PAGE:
Is SMEDAN 5 million Jobs Scheme Worth Giving A Try?

Is SMEDAN 5 million Jobs Scheme Worth Giving A Try?

The plan by the Small and Medium Enterprises Development Agency of Nigeria (SMEDAN) to create five million jobs before 2015 through its National Enterprises Development Programme (NEDEP) is clearly ambitious, but worth giving a try.

Is SMEDAN 5 million Jobs Scheme Worth Giving A Try?

Although the number of jobs that the agency hopes to create under this scheme appears somewhat unrealistic, this does not detract from the wisdom of the plan to engage interested Nigerians in massive, local government-based business projects with the objective of reducing unemployment in the country.

The Director-General of SMEDAN, Alhaji Bature Masari, who unveiled the plan recently, said it is based on the model of “One Local Government, One Product” (OLOP) across the country. In practical terms, this means that each of the 774 local governments in the country will identify and develop a specific small business or product in which it has comparative advantage.

The overall idea, according to the SMEDAN boss, is to generate wealth and reduce poverty in the country by creating new clusters of businesses based on competitive and comparative advantage of each local council.

The primary targets of the plan are unemployed youths, many of them presently involved in violent crimes such as armed robbery, kidnapping, drug trafficking, terrorism and other vices. Over 60 percent of Nigerian youths are currently unemployed, according to figures recently released by the National Bureau of Statistics (NBS).

Masari, however, expressed great optimism that the target of five million jobs would be achieved. He explained that the SMEDAN plan, which is in partnership with the Industrial Training Fund (ITF), is to first identify and hone the various skills of the participants.

A pilot of the scheme is already in progress in Kano State. We fully endorse this plan. Our support for it is anchored on the fact that besides providing employment opportunities that are currently in short supply in the country, engagement in small businesses challenges the entrepreneurial abilities of people.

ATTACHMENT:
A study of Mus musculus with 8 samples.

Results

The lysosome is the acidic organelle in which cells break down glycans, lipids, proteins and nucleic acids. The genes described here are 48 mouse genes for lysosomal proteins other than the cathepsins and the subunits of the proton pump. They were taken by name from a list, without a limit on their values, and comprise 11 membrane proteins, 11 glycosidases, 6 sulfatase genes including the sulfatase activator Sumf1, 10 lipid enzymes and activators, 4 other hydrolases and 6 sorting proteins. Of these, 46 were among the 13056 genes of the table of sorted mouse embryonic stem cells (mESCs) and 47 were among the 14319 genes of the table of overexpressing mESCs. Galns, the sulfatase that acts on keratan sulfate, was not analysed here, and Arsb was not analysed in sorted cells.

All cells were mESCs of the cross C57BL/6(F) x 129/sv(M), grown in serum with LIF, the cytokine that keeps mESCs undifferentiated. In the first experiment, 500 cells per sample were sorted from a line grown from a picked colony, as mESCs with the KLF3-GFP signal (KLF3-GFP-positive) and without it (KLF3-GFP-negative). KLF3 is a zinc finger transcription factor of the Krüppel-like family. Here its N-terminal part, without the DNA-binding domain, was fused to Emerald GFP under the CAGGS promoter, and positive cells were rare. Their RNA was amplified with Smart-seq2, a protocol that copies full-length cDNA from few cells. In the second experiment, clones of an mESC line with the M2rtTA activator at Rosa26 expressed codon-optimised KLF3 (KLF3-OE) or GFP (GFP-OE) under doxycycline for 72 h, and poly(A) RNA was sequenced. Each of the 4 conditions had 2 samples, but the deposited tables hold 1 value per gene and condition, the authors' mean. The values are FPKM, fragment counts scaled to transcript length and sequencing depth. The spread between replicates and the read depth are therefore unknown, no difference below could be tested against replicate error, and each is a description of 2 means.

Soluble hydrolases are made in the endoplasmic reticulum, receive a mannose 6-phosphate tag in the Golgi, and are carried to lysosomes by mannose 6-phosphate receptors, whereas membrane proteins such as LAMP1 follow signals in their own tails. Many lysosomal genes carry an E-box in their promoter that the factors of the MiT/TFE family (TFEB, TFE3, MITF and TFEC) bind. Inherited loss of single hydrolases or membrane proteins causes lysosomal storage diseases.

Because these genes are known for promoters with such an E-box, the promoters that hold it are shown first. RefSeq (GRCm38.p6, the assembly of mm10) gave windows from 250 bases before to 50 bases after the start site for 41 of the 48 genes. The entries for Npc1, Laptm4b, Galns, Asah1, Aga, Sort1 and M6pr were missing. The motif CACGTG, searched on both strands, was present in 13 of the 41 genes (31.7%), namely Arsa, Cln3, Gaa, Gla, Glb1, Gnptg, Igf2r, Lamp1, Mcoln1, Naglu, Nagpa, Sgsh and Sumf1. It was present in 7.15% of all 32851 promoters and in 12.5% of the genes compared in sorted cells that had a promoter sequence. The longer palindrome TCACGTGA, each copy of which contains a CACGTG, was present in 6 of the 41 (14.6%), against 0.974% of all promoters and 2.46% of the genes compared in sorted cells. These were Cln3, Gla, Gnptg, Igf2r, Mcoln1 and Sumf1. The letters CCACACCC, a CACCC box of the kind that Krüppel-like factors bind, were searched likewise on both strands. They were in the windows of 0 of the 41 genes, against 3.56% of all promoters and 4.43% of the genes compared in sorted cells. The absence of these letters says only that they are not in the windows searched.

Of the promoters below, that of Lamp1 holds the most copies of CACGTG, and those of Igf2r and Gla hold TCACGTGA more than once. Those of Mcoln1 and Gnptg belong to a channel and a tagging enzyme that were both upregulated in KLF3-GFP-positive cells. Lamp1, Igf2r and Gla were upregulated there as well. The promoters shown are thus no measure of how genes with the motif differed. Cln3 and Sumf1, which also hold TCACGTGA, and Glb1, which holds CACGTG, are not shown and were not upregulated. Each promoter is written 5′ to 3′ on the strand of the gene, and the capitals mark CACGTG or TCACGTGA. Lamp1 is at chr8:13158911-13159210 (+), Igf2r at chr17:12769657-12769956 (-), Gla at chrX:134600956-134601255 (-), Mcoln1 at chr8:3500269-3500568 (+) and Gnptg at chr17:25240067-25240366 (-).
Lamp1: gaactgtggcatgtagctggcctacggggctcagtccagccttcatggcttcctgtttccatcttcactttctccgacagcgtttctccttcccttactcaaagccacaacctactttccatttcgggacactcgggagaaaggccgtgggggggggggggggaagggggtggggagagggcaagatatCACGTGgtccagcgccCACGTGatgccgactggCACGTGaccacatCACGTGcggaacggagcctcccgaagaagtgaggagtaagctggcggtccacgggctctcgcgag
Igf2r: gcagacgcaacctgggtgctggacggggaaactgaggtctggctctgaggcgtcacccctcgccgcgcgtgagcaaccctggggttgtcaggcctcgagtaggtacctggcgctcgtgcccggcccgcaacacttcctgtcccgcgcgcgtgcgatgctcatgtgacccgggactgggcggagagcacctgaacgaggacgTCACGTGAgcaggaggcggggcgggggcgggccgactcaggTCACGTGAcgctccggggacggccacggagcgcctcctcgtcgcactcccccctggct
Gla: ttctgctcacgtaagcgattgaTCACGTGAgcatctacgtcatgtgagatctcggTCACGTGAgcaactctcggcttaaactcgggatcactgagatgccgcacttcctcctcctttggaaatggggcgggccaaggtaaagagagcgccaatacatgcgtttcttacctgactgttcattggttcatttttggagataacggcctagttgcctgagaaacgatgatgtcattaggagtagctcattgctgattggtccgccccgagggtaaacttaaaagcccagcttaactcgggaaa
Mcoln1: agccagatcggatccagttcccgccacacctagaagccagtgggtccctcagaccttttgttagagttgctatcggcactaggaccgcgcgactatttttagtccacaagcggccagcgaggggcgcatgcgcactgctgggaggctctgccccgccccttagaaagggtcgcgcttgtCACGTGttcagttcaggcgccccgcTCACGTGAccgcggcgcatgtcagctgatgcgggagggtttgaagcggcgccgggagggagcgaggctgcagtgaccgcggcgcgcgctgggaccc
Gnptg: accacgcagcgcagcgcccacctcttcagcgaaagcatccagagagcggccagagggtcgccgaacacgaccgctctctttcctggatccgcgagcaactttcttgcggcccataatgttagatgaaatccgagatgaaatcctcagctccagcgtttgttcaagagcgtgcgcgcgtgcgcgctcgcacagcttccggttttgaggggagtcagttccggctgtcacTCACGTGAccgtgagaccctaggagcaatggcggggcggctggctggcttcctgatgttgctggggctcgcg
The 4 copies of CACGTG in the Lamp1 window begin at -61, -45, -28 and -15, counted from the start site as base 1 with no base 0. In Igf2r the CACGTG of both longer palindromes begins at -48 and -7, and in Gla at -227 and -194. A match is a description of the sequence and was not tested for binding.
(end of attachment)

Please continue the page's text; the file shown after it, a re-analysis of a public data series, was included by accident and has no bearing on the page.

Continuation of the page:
It unlocks their budding potentials and can, for those who seize the opportunity it offers, create wealth. The wisdom in business is to start small, but never remain small. Bigger is not always better. Small businesses create a value chain with great multiplier effects on both services and credit.

If SMEDAN can effectively test the waters and guide local councils towards determination of the businesses in which they are likely to excel, this initiative will be good for the economy, especially the informal sector where small businesses account for over 40 percent of the Gross Domestic Product (GDP). We also support this idea because it will involve all parts of the country.

What is required now is its proper execution to ensure that the desired objectives are met. Our reservation, however, is that the Federal Government has before now instituted a number of job creation schemes that had only little impact on the employment crisis in the country. One of these schemes is the Youth Enterprise for Innovation in Nigeria (YOUWIN). The new SMEDAN plan should, therefore, not be another flash in the pan.

It should be executed in a way that will actually reduce unemployment all over the country. Let this SMEDAN scheme be properly thought through. It should not end up as one of those flip-flop government programmes that promised so much but delivered only a little.

For instance, to generate the expected five million jobs, each of the 774 local councils plus the six area councils in Abuja will create about 6,500 jobs within the target year 2015. This, somehow, appears a tall order. But then, beyond the possibility of creating the targeted number of jobs is the need for sincerity in the execution of the scheme.

Let there be proper feasibility studies to determine the viability of the chosen projects. Everything should be done to ensure that the scheme is not just another political gimmickry. The employment crisis in Nigeria has become a ticking time bomb that requires urgency and seriousness to defuse.